It’s fair to say Euron made quite a splash in “Stormborn”. He wreaked havoc on Dany’s Dornish and Greyjoy allies, killing two characters, capturing three others, and humiliating another one. In new interviews, Pilou Asbæk went over Euron’s actions this episode, as well as last season and this year’s premiere… and teased what’s to come too!
Variety began the interview by asking Asbæk to address the perceived season seven changes to the character, who has been received much more warmly than last year. The actor, however, sees each scene as part of the sociopathic whole that is Euron Greyjoy:
“I’m actually doing what I did in [season 6] as well,” he explained. “He was very different on the bridge than he was in the throne room, than he was at the Kingsmoot. To me he’s one of those sociopaths that can transform. He adapts to the environment that he’s in. He’s a survivor. You can say there’s been an update in the costume department.”
You can certainly say that. Punk rock Euron and berserker Euron are much more visually striking than his get-up last year, and that is no coincidence, as Pilou had a “long discussion” with costume designer Michele Clapton and showrunners Benioff and Weiss, and reportedly told them: “Guys, we’ve established Euron. Now let’s show a guy who doesn’t give a s—. Let’s just show a guy who walk in and goes, ‘F— all of you. I want the power. And none of you can do anything about it, because I am the best.'”
“I was living out one of those childhood dreams,” Pilou revealed, regarding the filming of the sea battle at the end of “Stormborn”. “You’re on a boat in Belfast in the middle of the night with an incredible stunt department and some great actors in Alfie [Allen, Theon Greyjoy] and Gemma [Whelan, Yara Greyjoy]. If you’ve seen what I’ve done in Danish cinema, it’s always very tough social-realism stories. And I’ve loved doing them. And now I’m like a kid in a candy store. ‘How many people am I going to kill today? 25? For real? Okay, cool, let’s get it on.’ It’s fun, and I might as well have fun while doing it.”
“I’m completely free in Euron. I don’t feel any restrictions. With Euron, it’s like ‘Let’s do more crazy eyes, more manic, more violent, and fierce.’ Until the day that Dan and David kill me.” That’s not to say Euron fears death: Asbæk says he enjoys the violence so much because “he knows his time is spare. He knows he’s going to die at one point. And if you ask me, it’s probably going to be spectacular. I hope so. But right now, he’s in for a ride.”
And what a ride it’s been! We’re only two episodes in and Euron has already made a great impression in the audience, and a dent in Dany’s armies. So who knows what will happen next! Well, Asbæk knows… but is he telling? What are Euron’s endgame?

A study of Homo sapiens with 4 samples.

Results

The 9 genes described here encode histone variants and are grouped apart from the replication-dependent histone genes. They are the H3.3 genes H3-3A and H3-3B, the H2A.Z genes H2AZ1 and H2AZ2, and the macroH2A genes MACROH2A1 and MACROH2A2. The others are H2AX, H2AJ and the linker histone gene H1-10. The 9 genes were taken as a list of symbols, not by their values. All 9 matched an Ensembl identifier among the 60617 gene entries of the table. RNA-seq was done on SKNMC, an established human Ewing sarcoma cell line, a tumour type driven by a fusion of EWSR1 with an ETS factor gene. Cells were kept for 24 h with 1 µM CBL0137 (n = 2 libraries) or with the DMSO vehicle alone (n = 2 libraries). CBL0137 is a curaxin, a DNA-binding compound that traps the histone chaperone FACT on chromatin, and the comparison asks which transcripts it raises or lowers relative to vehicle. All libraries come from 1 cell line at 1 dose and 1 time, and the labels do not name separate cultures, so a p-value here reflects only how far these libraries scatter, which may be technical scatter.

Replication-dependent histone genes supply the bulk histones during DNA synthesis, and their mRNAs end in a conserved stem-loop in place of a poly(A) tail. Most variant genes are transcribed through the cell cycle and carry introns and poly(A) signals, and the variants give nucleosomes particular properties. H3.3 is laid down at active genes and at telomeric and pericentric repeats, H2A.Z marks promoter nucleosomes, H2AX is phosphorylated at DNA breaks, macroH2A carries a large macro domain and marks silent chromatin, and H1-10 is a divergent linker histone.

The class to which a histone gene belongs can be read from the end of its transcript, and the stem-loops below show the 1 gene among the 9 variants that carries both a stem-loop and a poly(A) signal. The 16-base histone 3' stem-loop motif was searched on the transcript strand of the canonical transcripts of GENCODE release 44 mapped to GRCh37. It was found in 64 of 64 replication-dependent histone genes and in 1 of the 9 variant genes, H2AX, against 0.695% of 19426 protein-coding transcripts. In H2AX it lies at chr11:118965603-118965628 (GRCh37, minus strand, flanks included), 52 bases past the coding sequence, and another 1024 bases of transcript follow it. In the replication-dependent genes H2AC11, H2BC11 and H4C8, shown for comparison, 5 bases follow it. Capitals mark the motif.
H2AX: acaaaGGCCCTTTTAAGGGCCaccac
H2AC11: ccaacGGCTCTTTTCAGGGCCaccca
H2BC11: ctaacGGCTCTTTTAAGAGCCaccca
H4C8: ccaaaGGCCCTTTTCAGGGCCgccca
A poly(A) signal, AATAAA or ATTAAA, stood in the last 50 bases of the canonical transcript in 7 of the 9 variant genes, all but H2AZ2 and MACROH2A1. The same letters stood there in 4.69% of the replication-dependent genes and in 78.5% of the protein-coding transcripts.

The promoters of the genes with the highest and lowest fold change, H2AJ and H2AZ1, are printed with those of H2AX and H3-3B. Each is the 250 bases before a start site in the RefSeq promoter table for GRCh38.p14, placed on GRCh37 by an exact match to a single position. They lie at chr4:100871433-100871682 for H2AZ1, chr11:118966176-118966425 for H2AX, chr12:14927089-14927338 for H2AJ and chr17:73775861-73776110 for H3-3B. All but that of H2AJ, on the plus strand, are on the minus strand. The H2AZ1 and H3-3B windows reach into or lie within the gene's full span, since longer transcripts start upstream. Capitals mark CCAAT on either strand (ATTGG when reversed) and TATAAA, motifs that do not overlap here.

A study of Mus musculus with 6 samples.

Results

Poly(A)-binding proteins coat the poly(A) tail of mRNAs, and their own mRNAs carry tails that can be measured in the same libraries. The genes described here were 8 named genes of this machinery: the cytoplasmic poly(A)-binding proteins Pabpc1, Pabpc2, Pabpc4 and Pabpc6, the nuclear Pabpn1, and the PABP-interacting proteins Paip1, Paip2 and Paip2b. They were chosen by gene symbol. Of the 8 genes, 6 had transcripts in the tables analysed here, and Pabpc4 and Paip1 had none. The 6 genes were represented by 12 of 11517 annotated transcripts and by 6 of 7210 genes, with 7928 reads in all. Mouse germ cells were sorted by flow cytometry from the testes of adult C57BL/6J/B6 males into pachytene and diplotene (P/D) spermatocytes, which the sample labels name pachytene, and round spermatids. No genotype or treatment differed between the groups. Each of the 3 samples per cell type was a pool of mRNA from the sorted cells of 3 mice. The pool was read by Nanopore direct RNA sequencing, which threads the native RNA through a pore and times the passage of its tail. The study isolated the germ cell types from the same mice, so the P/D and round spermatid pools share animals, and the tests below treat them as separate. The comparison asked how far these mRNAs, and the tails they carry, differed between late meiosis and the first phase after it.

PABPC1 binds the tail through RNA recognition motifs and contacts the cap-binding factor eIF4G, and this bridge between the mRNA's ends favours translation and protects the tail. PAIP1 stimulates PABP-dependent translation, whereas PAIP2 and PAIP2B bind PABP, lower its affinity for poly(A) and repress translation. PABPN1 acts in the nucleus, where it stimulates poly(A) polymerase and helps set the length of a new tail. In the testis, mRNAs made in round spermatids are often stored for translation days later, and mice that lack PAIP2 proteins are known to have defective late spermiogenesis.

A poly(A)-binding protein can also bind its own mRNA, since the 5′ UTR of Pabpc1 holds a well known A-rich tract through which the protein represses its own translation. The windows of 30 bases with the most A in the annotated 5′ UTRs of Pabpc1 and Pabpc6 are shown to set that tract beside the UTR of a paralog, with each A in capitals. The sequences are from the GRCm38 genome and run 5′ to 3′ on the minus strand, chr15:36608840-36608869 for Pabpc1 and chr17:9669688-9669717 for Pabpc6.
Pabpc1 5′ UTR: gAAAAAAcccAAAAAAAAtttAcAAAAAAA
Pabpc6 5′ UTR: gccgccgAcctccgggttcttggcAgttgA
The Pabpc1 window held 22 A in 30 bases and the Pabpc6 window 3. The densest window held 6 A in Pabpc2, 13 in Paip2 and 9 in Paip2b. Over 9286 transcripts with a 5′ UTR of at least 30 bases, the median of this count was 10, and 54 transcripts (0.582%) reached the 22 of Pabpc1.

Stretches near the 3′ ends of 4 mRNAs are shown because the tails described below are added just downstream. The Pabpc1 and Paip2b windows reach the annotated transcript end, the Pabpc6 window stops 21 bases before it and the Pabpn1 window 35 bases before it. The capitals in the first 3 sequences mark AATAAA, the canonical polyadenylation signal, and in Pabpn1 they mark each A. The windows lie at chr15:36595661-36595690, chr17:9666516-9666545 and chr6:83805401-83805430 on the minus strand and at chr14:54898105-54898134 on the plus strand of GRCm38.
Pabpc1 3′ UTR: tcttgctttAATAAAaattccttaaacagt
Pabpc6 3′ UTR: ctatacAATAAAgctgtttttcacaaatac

“World domination, man. He’s going to start a collaboration with Russia — no, I’m sorry. That was inappropriate. What is left for Euron? To enjoy life. Let’s see what kind of gift he brings home to Cersei. And let’s see what her answer is.”
You can read the rest of the interview at Variety, where Asbæk addresses comparisons to Trump and why the characters matter more than the mechanics of the battle.
Speaking to Time Magazine, the Danish actor delved into Euron’s motivations:
“I think it’s very important that your lines are honest in the moment that they are said,” he said about his plans with Cersei. “So when he says ‘When I was a little boy, I wanted to grow up and marry the most beautiful woman in the world,’ I think he means it. And what’s more sexy than a beautiful woman with power? So I think he wants her. And I think he wants what she’s got. So how I played that scene, I wanted to be a contender to Jaime Lannister. I wanted to challenge him and the love between those two siblings.”
As for why Euron challenged Theon, the actor has a deeper interpretation than many have given the character credit for: “Maybe Euron wanted him to stand up for himself. Maybe Euron wanted him to be a Greyjoy, a viking, a man of the ocean and of the sea. The easy storyline is that Euron wanted to humiliate Theon, to prove that he’s a wimp. The more interesting angle is Euron wanted to put him into a situation where he would actually stand up for himself. That’s why he says, ‘Aw, come on you cockless coward!'”
Finally, regarding the criticism of Euron’s brutality towards the Sand Snakes, Asbæk said he likes it was brutal “for one simple reason: those two women were some fierce, incredible warriors in the previous season. And the more brutal we would make their deaths — and with their own weapons — in my mind, that’s barbaric but poetic that they get killed by their own weapons. It’s closer to Shakespeare.”
Euron is such a bleeding-heart poet, isn’t he?